UVU: no smokes please
Thomas Hall, Staff writer email@example.com
The mission of NUVU is to persuade the Utah Valley University administration to adopt a comprehensive tobacco-free policy. The mission is designed to support the Utah Department of Health and the Utah County Health Department in achieving the goal “To create an anti-tobacco social media campaign, targeting at-risk 18-24 year olds in Utah County.” Because our student body fits the goal of the target demographic there is no better way to get involved than by affecting change at the UVU policy level.
NUVU stands for Non-Tobacco Utah Valley University. It was conceived of by a group of community health majors for a social marketing class but after support and interest from other students and faculty, the idea has taken root outside of the classroom. In the state of Utah it is estimated that 6.5% of young adults engage in smoking. While this number is significantly lower than the national averages, it is nonetheless a concern to the health of our student body the health of our community.
According to the Center for Disease Control (CDC), “in 2011, the tobacco industry spent $8.4 billion on cigarette advertising and promotional expenses in the United States alone.”
“According to a report from the Surgeon General of the United States, any exposure to secondhand smoke is dangerous to the human body, including incidental exposure as you walk past someone smoking,” said Dr. James Bemel of the Department of Public and Community Health at UVU.
“Furthermore, students with chronic respiratory conditions such as asthma shouldn’t be forced to find alternate routes entering or exiting a building in an effort to avoid tobacco smoke which may exacerbate their symptoms. Everyone has the right to breathe clean air and avoid being exposed to the deadly chemicals found in tobacco smoke.”
We can be a part of making our campus and our community safe from the harmful effects of second-hand smoke by choosing to adopt a tobacco-free policy at UVU. A student led and student driven campaign is the best way to make a change.
Research done by the CDC shows that, “Each year, primarily because of exposure to secondhand smoke, an estimated 3,000 nonsmoking Americans die of lung cancer, more than 46,000 die of heart disease, and about 150,000–300,000 children younger than 18 months have lower respiratory tract infections. Coupled with this enormous health toll is the significant economic burden of tobacco use—more than $96 billion a year in medical costs and another $97 billion a year from lost productivity.”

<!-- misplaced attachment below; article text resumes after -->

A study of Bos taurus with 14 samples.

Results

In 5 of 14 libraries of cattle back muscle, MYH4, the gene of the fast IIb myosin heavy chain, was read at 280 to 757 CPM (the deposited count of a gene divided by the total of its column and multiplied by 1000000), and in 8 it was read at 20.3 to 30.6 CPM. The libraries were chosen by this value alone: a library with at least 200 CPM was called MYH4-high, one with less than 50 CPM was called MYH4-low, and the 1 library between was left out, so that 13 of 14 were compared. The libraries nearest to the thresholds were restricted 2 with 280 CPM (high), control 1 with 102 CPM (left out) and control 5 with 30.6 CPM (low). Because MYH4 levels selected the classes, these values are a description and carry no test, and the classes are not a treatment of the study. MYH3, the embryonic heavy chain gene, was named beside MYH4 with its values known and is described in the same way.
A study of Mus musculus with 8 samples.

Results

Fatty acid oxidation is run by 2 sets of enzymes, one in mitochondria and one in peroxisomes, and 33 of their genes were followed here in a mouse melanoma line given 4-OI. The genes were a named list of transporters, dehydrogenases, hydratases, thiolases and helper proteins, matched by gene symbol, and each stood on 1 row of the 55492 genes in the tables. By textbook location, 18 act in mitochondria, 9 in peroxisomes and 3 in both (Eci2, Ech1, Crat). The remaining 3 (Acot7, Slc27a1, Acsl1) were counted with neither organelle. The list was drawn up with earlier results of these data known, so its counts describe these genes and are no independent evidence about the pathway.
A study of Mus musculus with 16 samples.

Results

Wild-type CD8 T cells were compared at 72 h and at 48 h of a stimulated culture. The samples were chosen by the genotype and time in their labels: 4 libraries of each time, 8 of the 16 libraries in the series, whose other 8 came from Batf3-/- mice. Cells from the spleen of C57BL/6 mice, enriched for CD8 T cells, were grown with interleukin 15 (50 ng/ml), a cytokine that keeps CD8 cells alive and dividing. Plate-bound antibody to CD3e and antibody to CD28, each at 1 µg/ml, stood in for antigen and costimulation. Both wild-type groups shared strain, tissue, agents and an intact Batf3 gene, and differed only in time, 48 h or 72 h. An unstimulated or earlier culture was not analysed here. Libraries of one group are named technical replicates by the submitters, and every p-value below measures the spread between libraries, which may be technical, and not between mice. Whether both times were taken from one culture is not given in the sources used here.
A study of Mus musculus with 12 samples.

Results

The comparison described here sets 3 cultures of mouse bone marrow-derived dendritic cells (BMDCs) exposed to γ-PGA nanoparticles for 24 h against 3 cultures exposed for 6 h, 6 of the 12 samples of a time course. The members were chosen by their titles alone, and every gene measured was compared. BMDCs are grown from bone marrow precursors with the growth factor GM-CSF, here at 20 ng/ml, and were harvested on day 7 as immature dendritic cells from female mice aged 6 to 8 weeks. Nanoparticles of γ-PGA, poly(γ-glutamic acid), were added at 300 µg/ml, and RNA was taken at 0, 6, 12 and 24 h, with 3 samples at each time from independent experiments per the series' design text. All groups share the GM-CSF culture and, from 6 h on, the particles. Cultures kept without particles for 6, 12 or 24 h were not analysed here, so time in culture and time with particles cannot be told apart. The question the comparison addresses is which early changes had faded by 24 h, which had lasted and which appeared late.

The list of tobacco-free colleges and universities grows longer every year. In a recent (2013) study by the American College Health Association (ACHA), it was documented that there are approximately, “…1,178 100% smoke-free campuses… [And] of these, 793 have a 100% tobacco-free policy.”
The only school in the state of Utah that makes the ACHA list is Brigham Young University. The tobacco-free program at BYU is simple; prior to enrollment at BYU, students are interviewed and given a signed ecclesiastical endorsement. This document serves as an admission by the student that they are actively living the Honor Code and that they intend to continue living the Honor Code while a student at BYU. The Honor Code program is an extension of the university’s core Latter-day Saint tenets to live a healthy life free from alcohol consumption and tobacco products in all their forms.
In the fall of 2013, Dixie State University in St. George, Utah, announced their campus policy change from permissible use 25 feet from a building entrance to a zero tobacco policy. The change came about slowly, buzz generated around the campus, then students joined together to help push the policy forward to their school administrators. The change to a tobacco-free policy joined Dixie State with BYU as the only two higher institutions of education in the state where tobacco is prohibited.
While Brigham Young University’s program is effective because of its religious foundations, it will not satisfy the needs of a state funded institution like Utah Valley University where there is greater religious freedom, expression and diversity.
It is necessary to establish a tobacco-free policy change at UVU to serve our unique Wolverine spirit. Old Joe Camel has to die.